I made my PhD in the field of neuroscience, more specifically in neuroimaging. But contrary to what the term might suggest to many we didn’t focus on the brain as a whole but on the activity responses of single neurons. To be able to characterize its activity patterns we made use of 2-photon microscopes, a state of the art type of light microscopy that allows for deep penetration of the light beam into alive tissue, in combination with fluorescent calcium-based sensors. With this technique we could see neurons in action. However, these type of sensors have slow kinetics which makes it hard to quantify the extent and duration of a cell’s activation under a certain stimulus.
In our field a voltage sensor with submillisecond precision was the most expected technical development. And now, it is here.
In an article published recently in Science scientists from the Universities of Standford and Duke report the development of the new tool. The lead author in the paper, Yiyang Gong, explained the approach to Science News. They decided to combine two proteins: one that would sense the quick neuronal change in voltage potential after activation with another that would provide the visual output necessary for imaging. The first protein is a fungus-derived protein that responds five to six times more quickly to changes in voltage than the one used in their previous model, whereas the fluorescent marker was engineered by Nathan Shaner and colleagues at the Scintillion Institute. This marker is bright enough that it can be detected by the microscopes normally used to image the brain in action without actually frying it to get any fluorescence as it was the case with the old generations of voltage sensors. The combination allows for the observation of spikes of electrical activity under the microscope with a temporal resolution of about 0.2 milliseconds. A resolution that so far was impossible to achieve with the old calcium sensors.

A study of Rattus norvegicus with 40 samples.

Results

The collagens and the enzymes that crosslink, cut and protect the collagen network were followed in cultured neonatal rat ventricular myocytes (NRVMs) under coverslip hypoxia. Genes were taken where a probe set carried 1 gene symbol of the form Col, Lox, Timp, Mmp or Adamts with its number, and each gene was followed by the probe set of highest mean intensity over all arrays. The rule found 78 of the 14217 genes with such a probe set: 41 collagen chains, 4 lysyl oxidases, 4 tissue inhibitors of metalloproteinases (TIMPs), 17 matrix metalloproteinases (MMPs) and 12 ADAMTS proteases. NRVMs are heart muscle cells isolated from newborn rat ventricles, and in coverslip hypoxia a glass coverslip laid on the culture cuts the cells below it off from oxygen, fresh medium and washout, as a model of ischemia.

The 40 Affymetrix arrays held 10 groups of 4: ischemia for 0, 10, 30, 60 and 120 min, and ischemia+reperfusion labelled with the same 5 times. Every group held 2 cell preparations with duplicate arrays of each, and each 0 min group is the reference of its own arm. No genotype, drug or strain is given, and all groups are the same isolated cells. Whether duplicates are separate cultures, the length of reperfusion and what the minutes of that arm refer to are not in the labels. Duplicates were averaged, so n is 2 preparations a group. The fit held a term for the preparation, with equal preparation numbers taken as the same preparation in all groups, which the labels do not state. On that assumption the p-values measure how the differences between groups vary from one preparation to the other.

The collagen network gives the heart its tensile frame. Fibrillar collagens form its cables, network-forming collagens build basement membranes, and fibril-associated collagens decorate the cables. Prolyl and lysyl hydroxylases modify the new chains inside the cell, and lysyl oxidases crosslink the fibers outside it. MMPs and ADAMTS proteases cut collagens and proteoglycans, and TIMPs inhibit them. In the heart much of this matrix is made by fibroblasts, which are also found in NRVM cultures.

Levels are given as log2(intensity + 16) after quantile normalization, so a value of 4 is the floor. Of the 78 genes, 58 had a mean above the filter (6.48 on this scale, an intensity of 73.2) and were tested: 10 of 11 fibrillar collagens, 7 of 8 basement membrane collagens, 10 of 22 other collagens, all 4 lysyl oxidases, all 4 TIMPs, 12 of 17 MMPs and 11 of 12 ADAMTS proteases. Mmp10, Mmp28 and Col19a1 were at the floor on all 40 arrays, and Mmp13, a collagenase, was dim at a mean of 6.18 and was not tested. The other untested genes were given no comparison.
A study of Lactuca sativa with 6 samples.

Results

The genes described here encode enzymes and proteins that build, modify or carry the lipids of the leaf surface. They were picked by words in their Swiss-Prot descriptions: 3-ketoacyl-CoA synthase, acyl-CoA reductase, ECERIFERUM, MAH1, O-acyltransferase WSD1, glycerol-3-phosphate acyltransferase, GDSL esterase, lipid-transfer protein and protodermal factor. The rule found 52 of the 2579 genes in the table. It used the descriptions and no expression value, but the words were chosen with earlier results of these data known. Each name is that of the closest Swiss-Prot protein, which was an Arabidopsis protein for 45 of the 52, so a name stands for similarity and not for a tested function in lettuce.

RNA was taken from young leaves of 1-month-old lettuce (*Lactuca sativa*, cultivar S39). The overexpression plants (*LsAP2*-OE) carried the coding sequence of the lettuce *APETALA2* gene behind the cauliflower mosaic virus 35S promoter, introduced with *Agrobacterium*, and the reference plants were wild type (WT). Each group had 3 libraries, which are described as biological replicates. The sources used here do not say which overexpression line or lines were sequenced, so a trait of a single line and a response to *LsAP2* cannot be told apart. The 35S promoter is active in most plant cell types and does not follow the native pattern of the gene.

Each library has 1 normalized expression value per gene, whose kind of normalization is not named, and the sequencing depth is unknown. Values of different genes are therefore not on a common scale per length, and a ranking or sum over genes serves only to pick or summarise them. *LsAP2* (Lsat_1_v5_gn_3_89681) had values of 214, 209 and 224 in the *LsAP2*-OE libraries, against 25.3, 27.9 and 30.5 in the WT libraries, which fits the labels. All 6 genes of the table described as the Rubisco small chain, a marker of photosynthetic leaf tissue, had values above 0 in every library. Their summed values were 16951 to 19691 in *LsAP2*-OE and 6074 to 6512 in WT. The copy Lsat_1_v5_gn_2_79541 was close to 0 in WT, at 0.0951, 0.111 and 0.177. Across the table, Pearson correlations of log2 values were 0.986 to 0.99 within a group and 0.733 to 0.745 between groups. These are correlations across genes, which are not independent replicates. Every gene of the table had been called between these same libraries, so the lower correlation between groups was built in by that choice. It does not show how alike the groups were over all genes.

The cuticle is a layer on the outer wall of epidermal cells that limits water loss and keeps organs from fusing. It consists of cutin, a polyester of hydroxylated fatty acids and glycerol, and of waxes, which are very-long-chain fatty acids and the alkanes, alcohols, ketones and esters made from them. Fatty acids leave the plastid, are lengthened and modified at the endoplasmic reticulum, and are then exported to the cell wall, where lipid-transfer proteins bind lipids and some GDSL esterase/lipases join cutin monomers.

Another great advantage of this new tool is that it can be expressed only in certain sets of neurons, simply by altering the promoter driving the gene coding the sensor. There is still one drawback to this revolutionary tool and it is that it cannot be used for extended periods because the proteins lose their sensitivity to light after about 10 minutes of continuous exposure. However, by using multiple short exposures scientists should be able to characterize neuronal functional for much longer periods. In any case, this is just the first really viable step of a new tool-line that will surely be developed in the future, as it was the case with the genetically encoded calcium indicators in the last 5 years.
Not only, as Bruce Rosen, director of the Center for Biomedical Imaging at Harvard, says: “it is pretty cool” but also with this new tool a new degree of detail with which responses at smaller neuronal sites such as spines or axonal boutons can be seen is finally available to researchers. This is indeed, revolutionary.
Science. 2015 Nov 19. doi:10.1126/science.aab0810
High-speed recording of neural spikes in awake mice and flies with a fluorescent voltage sensor.
Science. 2015 Nov 20;350(6263):895. doi: 10.1126/science.350.6263.895.
Neuroscience. A faster, brighter picture of brain cells in action.